After decades of service as a motivational force for peer support and recovery for individuals with mental health and substance use conditions, Jeanie Whitecraft was the 2012 recipient of the Distinguished Career Award for Outstanding Contributions to Psychiatric Rehabilitation presented by the Pennsylvania Association of Psychiatric Rehabilitation Services. But her story begins a little further back in time starting with the development of The Friends Connection Peer Support Program in 1989 in Philadelphia for individuals with co-occurring disorders. Under her guidance, The Friends Connection worked in partnership with the U Penn Collaborative on Community Inclusion of Individuals with Psychiatric Disabilities. These studies lead to national participation with the Consumer-Operated Service Program (COSP) Multi-site Research Initiative funded by Substance Abuse and Mental Health Services Administration (SAMHSA). The resulting outcomes showed reductions in hospitalization, making The Friends Connection a national model in evidence-based practices for peer support.
Additionally, her accomplishments include the development of the Trail Guides Peer Support Program in Montgomery County Pennsylvania; a made-for-TV documentary – Journey Toward the Light that shows that recovery is possible; the first Spanish-speaking Double Trouble meeting in Philadelphia; and the cultivation of a partnership between Villanova and the Philadelphia County Department of Behavioral Health that resulted in a certificate program to train providers on substance abuse. Her work in Recovery and Peer Support led to the development of the Institute for Recovery and Community Integration (IRCI) where she put her experience to work by developing a three-stage approach for transforming systems to support recovery and the Certified Peer Specialists (CPS).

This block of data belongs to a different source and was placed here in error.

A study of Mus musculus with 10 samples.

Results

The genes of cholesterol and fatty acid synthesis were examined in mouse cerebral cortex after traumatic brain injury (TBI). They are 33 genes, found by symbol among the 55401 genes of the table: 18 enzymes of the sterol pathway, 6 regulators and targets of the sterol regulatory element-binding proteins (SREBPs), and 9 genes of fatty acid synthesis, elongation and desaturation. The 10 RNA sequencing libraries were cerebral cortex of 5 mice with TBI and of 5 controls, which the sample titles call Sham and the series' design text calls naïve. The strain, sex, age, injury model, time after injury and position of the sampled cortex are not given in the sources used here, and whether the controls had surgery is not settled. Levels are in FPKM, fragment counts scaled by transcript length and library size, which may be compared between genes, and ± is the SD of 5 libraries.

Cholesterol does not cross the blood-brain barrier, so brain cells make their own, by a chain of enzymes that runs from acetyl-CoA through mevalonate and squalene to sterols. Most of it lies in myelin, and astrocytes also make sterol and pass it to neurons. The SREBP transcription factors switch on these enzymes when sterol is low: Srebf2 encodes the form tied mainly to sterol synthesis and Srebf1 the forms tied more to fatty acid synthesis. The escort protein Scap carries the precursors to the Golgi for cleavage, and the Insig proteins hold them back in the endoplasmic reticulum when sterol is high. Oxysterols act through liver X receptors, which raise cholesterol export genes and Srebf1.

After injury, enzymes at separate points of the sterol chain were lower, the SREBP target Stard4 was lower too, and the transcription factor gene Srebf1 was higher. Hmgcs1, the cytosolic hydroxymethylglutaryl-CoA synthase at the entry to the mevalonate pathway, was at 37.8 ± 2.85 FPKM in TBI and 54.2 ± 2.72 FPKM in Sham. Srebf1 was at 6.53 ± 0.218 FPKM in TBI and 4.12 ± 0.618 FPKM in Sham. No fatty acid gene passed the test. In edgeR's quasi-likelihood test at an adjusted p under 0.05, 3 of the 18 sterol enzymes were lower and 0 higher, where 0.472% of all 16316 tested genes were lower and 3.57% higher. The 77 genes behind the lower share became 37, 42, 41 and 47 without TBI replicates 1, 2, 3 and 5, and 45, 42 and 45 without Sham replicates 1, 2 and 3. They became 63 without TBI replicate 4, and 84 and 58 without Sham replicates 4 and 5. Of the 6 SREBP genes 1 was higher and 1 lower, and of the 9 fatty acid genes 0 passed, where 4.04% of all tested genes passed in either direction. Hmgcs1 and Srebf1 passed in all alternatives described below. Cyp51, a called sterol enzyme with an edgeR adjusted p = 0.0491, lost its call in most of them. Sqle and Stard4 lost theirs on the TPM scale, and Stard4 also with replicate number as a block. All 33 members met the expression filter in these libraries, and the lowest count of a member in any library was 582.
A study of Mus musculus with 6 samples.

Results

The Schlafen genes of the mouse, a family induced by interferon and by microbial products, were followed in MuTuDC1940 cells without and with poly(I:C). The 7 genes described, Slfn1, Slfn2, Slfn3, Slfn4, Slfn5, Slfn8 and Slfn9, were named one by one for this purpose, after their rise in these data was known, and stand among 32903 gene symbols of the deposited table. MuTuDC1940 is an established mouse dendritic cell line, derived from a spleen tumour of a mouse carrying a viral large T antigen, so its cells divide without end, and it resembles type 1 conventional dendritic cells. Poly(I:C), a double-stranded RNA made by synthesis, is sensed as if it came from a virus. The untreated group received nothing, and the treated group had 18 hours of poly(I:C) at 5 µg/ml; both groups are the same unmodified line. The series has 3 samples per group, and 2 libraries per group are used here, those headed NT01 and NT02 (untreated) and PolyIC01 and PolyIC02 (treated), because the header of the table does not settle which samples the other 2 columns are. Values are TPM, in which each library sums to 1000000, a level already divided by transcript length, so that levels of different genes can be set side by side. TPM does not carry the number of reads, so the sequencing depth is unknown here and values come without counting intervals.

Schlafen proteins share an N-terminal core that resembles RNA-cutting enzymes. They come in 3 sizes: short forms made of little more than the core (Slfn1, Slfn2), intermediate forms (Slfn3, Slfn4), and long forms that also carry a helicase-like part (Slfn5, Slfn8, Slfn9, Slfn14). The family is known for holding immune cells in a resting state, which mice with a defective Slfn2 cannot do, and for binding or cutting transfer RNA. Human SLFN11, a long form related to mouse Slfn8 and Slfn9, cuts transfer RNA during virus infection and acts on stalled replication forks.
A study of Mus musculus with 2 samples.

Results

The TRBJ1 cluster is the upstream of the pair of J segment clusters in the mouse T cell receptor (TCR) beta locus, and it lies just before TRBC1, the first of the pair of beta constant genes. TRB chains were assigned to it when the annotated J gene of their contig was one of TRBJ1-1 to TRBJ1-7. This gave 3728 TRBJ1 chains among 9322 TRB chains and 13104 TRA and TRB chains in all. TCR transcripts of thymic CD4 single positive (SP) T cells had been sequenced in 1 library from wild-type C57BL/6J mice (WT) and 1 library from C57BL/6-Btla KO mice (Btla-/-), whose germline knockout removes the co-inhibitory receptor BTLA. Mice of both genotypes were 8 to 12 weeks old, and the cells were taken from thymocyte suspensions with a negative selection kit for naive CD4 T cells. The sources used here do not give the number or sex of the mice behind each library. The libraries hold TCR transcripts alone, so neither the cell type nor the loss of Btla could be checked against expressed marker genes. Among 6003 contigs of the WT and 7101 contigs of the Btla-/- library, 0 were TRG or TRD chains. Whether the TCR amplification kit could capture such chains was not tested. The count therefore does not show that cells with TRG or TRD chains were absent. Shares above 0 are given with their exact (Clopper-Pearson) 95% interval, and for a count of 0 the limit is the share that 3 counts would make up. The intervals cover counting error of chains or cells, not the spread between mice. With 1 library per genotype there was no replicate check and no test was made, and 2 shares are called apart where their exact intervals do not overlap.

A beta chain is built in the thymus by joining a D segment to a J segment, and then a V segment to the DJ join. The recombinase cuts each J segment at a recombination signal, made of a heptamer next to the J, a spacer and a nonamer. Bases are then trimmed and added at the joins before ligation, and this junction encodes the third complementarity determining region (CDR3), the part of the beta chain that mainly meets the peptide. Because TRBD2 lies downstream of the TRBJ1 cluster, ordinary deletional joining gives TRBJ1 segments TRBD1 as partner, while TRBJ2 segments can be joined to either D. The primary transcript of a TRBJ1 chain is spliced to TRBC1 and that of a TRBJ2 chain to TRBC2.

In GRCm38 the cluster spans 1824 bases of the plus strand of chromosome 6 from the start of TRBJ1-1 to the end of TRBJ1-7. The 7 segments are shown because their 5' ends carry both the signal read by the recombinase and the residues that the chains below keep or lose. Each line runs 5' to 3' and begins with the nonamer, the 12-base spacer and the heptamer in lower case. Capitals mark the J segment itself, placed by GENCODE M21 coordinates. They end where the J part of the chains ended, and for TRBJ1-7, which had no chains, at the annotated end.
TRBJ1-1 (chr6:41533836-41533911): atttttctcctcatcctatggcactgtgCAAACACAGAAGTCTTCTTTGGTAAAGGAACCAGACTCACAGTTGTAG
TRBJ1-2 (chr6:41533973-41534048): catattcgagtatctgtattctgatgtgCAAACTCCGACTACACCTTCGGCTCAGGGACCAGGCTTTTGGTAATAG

Always ahead of the curve, Jeanie became one of the first advanced-level Wellness Recovery Action Plan (WRAP) facilitators in Pennsylvania and introduced WRAP to Japan.
She has received numerous awards over the years for her work in co-occurring disorders and peer support and has co-authored several publications on the subject including a chapter in On Our Own, Together; Peer Programs for People with Mental Illness (2005 Vanderbilt University Press). After 28 years of service with the Mental Health Association of Southeastern Pennsylvania, Jeanie now consults for the Copeland Center and brings her expanse of knowledge and compassion to every new challenge and situation including her private wellness practice. When asked “what motivates her” to do what she does, she replies – Juntos Podemos or Together We Can. Keep coming back, keep trying a new way. For her it’s about Connection, Community, Inclusion and Conscious Living.